Chennai, the sixth-largest city in India is running out of water for its nearly 4.6 million residents as four of the city’s reservoirs are nearly dry due to a heat wave and drought. Many people are reported to have been waiting hours in line for water being provided through government tankers.
The water crisis is being felt throughout India—at least 550 people were reportedly arrested Wednesday during protests in Coimbatore, about 300 miles southwest of Chennai, alleging negligence by the municipal government. Some political parties are calling on more protests.
The region relies heavily on monsoon rains, but delayed monsoon seasons have started to become more frequent, and temperatures this month have reached 104 degrees. Rainfall dropped by 99% from June 1-19. During that period, Chennai only received 0.3 millimeters of rainfall, compared to the 40mm it normally receives. But weather forecasters predict the dry weather might end soon as the southwest monsoon slowly makes its way to the region. Some rain has been reported in Chennai on Thursday.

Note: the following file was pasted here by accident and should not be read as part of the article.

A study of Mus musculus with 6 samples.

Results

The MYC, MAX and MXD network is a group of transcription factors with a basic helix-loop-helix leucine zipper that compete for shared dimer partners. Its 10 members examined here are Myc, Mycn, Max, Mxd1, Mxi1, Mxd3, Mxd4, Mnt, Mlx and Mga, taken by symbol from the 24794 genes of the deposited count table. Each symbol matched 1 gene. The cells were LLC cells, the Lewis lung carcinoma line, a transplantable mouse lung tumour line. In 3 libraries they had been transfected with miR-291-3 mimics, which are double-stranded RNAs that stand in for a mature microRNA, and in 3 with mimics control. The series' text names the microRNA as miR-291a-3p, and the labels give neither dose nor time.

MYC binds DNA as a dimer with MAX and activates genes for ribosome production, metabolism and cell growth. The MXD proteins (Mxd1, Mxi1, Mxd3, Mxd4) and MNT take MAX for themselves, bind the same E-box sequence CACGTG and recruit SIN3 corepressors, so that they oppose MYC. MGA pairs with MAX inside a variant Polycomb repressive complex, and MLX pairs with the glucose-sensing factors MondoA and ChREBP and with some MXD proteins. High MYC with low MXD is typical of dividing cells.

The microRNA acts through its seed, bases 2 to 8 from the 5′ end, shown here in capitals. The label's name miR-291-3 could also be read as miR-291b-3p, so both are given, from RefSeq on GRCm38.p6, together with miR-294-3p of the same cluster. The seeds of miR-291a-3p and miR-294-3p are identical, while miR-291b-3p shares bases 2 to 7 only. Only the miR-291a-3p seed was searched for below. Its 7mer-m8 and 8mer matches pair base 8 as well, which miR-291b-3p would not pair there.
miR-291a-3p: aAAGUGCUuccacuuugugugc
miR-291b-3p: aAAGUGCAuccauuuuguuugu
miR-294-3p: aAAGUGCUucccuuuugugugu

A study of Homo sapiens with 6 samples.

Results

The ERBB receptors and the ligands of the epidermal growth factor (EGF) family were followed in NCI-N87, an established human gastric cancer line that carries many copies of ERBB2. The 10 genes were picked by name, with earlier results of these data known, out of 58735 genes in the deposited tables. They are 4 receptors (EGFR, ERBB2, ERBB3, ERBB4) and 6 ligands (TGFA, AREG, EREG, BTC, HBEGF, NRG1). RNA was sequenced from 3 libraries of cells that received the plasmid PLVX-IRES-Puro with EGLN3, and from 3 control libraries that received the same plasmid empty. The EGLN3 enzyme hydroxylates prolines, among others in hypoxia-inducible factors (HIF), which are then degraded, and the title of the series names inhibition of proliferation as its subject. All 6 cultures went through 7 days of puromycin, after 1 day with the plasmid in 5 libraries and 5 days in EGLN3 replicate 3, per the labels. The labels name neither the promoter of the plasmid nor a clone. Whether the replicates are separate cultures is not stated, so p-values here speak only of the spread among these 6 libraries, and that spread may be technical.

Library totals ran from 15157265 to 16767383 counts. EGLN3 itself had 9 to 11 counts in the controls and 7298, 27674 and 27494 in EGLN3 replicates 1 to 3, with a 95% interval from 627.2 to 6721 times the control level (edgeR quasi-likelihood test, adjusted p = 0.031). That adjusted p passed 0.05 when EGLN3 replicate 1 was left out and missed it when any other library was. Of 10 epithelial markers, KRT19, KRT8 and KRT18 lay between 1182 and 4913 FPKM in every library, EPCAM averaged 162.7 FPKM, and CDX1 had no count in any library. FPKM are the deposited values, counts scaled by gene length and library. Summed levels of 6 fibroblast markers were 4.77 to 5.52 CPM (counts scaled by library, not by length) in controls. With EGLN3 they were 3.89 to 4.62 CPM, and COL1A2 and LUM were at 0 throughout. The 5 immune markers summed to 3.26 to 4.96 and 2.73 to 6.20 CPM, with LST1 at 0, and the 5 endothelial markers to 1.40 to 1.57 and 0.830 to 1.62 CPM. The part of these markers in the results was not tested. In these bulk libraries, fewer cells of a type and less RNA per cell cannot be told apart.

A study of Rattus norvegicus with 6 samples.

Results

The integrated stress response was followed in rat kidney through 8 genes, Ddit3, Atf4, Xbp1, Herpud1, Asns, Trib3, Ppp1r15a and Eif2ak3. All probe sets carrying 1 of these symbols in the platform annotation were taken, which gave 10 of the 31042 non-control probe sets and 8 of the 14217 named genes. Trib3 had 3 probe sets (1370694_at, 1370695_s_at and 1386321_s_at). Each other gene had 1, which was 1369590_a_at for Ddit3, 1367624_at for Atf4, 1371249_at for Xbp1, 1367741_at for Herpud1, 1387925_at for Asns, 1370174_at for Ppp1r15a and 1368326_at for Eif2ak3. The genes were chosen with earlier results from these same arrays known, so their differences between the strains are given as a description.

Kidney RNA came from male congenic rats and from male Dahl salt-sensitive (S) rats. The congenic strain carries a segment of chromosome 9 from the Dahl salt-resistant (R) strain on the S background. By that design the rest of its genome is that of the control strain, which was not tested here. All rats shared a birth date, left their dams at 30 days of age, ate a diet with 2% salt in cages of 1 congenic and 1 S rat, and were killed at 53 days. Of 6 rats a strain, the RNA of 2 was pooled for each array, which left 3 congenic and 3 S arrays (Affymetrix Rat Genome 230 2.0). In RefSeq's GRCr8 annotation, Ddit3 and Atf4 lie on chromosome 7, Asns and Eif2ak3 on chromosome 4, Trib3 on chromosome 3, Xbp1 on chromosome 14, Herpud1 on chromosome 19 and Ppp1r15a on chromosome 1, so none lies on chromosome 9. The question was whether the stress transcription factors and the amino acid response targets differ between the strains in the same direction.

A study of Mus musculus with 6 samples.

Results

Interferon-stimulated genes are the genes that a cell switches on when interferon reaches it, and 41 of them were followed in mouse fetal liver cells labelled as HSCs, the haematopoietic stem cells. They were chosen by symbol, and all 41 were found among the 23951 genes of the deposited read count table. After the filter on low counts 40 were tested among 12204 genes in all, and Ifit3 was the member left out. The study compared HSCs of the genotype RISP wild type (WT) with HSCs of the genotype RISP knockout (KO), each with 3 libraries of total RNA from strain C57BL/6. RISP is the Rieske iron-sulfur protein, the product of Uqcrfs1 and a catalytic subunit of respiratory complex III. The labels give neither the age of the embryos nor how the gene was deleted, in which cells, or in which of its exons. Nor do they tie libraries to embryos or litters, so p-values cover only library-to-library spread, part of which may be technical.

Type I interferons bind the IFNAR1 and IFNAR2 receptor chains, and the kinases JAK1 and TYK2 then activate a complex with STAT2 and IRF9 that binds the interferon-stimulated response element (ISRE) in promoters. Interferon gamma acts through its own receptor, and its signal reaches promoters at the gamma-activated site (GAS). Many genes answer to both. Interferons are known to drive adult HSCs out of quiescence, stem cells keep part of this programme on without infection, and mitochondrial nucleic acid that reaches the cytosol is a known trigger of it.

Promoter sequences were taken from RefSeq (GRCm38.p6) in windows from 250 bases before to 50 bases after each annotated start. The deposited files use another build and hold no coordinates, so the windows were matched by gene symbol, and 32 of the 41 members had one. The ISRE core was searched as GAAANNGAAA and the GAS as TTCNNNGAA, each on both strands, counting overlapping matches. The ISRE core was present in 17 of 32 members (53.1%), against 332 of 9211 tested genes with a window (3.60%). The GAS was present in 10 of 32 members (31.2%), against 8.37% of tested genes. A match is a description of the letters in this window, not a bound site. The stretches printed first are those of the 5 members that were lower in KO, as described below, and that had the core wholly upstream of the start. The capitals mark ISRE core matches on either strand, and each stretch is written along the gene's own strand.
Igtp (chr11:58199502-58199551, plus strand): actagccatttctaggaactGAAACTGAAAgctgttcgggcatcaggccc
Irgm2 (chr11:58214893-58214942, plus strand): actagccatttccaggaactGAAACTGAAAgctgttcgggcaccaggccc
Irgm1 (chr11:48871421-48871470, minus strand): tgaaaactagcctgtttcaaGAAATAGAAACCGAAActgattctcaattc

Local media reports the reservoirs water levels are some of the lowest in 70 years. Several restaurants, hotels and other businesses have been forced to close. Many wealthier people are paying for private water sources, while violence has been reported as people wait in line for water from government tankers.
Jyoti Sharma, founder and president of FORCE, a water conservation NGO, told CNN that some water tankers have been hijacked and drivers have been attacked. The tankers also can’t reach all neighborhoods, including most of the Chennai slums, where about 820,000 people live, according to CNN.
A June 18 government report said India is experiencing the worst water crisis in its history. Another report estimates India’s water demand will be twice the available supply by 2030.